The incident began at around 1:30 p.m. local time at the Execution and Sanctions Center located in the Renacimiento neighborhood of Reynosa, a city in the state of Tamaulipas which borders McAllen in the U.S. state of Texas. Few details about the riot were released.
The state's Public Security Ministry and Attorney General's Office confirmed that a fight broke out and ruled out rumors that inmates had escaped during the incident. State authorities also confirmed that two of the inmates were killed by gunshot wounds, although it was not known who fired them.
In addition to the two fatalities, seven inmates were reported to have been injured. Local police moved quickly to control the situation, and emergency teams transported the injured to Reynosa's General Hospital, where one of the injured later died, bringing the death toll to three.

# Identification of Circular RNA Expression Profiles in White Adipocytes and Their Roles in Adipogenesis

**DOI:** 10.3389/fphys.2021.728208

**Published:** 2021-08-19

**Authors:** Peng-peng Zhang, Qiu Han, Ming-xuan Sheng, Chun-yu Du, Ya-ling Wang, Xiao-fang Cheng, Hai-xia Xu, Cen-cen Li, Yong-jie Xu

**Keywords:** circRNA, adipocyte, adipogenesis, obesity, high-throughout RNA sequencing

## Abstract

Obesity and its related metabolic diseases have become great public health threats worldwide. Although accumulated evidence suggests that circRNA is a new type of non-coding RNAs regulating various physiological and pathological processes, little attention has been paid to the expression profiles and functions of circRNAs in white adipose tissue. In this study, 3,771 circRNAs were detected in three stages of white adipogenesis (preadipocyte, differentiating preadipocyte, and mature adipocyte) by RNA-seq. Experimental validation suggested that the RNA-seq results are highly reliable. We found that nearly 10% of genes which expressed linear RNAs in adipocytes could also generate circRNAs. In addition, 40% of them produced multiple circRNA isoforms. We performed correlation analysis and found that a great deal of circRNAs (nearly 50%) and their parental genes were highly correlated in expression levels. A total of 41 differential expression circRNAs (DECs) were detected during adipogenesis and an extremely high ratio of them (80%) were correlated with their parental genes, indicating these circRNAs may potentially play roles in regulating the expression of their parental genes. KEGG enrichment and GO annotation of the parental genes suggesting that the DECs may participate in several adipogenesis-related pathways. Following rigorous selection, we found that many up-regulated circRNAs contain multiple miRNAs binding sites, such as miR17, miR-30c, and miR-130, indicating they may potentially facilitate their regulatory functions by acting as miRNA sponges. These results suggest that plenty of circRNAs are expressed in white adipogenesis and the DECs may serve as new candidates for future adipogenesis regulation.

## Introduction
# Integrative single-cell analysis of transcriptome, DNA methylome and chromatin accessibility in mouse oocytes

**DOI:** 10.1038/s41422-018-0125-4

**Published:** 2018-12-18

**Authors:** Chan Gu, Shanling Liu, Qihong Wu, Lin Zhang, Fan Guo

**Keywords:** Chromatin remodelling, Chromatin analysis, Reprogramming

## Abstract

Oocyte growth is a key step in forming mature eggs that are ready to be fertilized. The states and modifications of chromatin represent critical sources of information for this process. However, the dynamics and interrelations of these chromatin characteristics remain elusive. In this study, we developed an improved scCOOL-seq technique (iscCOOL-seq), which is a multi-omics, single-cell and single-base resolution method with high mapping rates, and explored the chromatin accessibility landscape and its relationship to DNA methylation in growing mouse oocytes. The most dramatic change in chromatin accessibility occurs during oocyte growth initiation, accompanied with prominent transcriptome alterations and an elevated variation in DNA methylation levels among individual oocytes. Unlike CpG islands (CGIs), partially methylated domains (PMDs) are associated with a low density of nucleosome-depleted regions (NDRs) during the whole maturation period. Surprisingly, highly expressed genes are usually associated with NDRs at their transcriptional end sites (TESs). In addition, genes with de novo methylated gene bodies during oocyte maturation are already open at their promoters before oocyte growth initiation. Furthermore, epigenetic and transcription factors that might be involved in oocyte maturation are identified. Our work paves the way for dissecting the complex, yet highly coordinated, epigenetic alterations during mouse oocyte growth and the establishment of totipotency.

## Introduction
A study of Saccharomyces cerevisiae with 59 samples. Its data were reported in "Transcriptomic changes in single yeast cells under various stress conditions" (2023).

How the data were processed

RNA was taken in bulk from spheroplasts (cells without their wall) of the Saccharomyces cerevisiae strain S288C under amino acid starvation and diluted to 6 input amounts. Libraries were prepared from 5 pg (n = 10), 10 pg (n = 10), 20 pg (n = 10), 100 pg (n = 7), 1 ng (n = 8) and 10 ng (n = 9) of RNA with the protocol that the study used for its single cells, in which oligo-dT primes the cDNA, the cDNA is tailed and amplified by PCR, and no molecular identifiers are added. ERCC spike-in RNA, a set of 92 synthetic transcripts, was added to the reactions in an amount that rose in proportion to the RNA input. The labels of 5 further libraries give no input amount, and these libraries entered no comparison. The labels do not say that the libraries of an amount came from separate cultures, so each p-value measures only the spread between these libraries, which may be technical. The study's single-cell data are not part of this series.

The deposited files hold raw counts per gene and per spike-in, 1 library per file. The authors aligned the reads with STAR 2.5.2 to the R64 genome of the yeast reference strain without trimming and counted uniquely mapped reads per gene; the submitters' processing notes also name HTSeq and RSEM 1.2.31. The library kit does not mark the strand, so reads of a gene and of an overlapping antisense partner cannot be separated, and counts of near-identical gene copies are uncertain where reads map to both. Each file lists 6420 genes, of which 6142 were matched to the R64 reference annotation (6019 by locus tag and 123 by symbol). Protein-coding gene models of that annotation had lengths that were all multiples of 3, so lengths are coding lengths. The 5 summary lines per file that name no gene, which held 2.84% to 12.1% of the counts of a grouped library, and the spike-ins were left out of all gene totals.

The casualties were identifies as Edgar Iván Flores Alonso, Jesús Eduardo Prado Valdez and Carlos Sifuentes Cruz. Reports indicate that there are currently around 2,500 inmates housed at the prison, a 40 percent overpopulation according to its designed capacity.
Prison outbreaks and prison riots occur frequently in Mexico. In early January, 31 inmates were killed when two groups of inmates clashed at a penitentiary in the municipality of Altamira, which is located at the southern tip of the state of Tamaulipas and on the Gulf of Mexico. Local authorities said the inmates used self-made weapons during the fight.
Mexico has been struggling to cope with an influx of criminals as President Felipe Calderón continues with his campaign against organized crime and drug cartels. According to official figures, at least 12,903 people died as a result of drug-related violence between January and September 2011, although figures for the entire year are not yet available. This will likely bring the total figure for 2011 to more than 17,000, the highest annual number yet.